Directing neural stem cells using a microfluidic device

Engraftment of neural stem cells (NSCs) to replace central nervous system cells lost to injury or disease is a promising treatment strategy. However, many regions of the adult brain shown low levels of permissiveness to NSC migration, limiting the effectiveness of both endogenous and transplanted NSC therapies.

By enhancing the motility of the ‘stem cell pool’ to the site of central nervous system(CNS) injury or disease using chemical cues, treatment strategies will become more successful. Epidermal growth factor receptor (EGFR) signaling is involved in the activation of a number of downstream pathways that enhance the motility of NSCs, and therefore may represent an effective target for regenerative therapy in transplantation paradigms. There's a lot that's not known about how NSCs can be activated to replace damaged tissue in the CNS, however.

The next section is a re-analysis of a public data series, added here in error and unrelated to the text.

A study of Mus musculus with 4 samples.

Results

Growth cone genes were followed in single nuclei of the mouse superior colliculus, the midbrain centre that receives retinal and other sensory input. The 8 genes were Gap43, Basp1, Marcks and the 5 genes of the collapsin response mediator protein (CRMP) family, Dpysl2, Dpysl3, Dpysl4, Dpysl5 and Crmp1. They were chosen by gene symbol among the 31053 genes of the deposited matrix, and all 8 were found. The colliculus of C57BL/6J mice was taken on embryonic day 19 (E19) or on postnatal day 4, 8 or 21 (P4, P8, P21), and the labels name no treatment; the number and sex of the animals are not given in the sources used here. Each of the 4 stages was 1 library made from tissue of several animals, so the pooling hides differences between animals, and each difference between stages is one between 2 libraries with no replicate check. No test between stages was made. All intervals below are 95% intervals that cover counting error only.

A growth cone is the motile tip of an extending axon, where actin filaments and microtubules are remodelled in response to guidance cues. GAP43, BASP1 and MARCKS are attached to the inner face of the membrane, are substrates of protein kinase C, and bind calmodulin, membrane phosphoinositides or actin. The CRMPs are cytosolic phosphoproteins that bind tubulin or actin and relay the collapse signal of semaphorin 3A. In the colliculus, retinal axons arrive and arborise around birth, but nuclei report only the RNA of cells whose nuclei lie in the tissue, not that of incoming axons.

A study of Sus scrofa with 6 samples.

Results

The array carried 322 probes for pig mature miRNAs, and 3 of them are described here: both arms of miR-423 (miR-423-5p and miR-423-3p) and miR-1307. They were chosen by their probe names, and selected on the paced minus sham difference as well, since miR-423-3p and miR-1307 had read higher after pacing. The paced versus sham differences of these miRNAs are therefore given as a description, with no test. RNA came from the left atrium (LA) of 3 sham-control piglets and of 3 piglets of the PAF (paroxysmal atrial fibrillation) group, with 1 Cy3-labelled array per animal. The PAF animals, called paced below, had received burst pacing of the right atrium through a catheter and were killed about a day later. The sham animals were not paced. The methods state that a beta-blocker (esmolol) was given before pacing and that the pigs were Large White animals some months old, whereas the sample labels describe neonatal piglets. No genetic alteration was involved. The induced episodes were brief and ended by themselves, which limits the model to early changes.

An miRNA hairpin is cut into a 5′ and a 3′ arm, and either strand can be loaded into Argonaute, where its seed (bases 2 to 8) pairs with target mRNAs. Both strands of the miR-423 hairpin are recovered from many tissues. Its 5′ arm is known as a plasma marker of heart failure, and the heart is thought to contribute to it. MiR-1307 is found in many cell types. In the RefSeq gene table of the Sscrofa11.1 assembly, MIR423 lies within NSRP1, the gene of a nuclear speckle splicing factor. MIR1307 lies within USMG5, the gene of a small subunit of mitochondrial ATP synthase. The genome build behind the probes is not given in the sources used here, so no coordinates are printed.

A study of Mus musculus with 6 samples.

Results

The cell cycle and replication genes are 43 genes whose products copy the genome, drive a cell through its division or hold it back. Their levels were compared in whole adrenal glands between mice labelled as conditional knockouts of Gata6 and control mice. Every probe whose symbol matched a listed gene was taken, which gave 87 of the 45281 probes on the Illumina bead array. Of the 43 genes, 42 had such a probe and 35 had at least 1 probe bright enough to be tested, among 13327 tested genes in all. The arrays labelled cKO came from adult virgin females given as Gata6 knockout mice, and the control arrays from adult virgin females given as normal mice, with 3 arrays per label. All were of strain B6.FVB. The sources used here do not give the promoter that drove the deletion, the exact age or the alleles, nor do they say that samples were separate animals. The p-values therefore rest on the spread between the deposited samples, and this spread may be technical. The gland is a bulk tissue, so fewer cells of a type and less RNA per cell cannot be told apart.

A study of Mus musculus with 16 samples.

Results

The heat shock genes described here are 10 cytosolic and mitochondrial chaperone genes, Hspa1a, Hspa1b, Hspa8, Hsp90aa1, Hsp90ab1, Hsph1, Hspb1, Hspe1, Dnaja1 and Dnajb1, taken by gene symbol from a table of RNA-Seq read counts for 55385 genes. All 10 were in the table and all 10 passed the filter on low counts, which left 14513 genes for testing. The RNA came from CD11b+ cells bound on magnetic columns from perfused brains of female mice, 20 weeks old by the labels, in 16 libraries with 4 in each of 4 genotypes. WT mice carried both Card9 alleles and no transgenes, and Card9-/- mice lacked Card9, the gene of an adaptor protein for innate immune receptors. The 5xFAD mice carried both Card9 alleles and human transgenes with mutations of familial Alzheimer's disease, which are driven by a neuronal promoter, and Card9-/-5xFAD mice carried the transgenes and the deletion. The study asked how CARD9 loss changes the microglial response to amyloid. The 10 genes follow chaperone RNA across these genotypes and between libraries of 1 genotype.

As a start, we have developed a micro-chemotaxis device that is able to provide a linear chemical concentration gradient in a microchannel with no through flow. Our device is also compatible with 3D scaffolding gels, enabling in vivo-like imaging of EGFR-enhanced NSC migration and invasiveness.



  1. Shing-Yi Cheng, Steve H. Heilman, Peng Zhou, Shivaun Archer, Michael L. Shuler and Mingming Wu. A Hydrogel-based Microfluidic Device for the Studies of Bacterial and Mammalian Chemotaxis. Lab on a Chip, [submitted]
  2. John A. Boockvar, Dmitri Kapitonov, Gurpreet Kapoor, Joost Schoutena, George J. Counelisa, Oliver Boglerc, Evan Y. Snyderd, Tracy K. McIntosha and Donald M. O'Rourke. Constitutive EGFR Signaling Confers a Motile Phenotype to Neural Stem Cells. Mol Cell Neurosci., 2003 Dec;24(4):1116-30.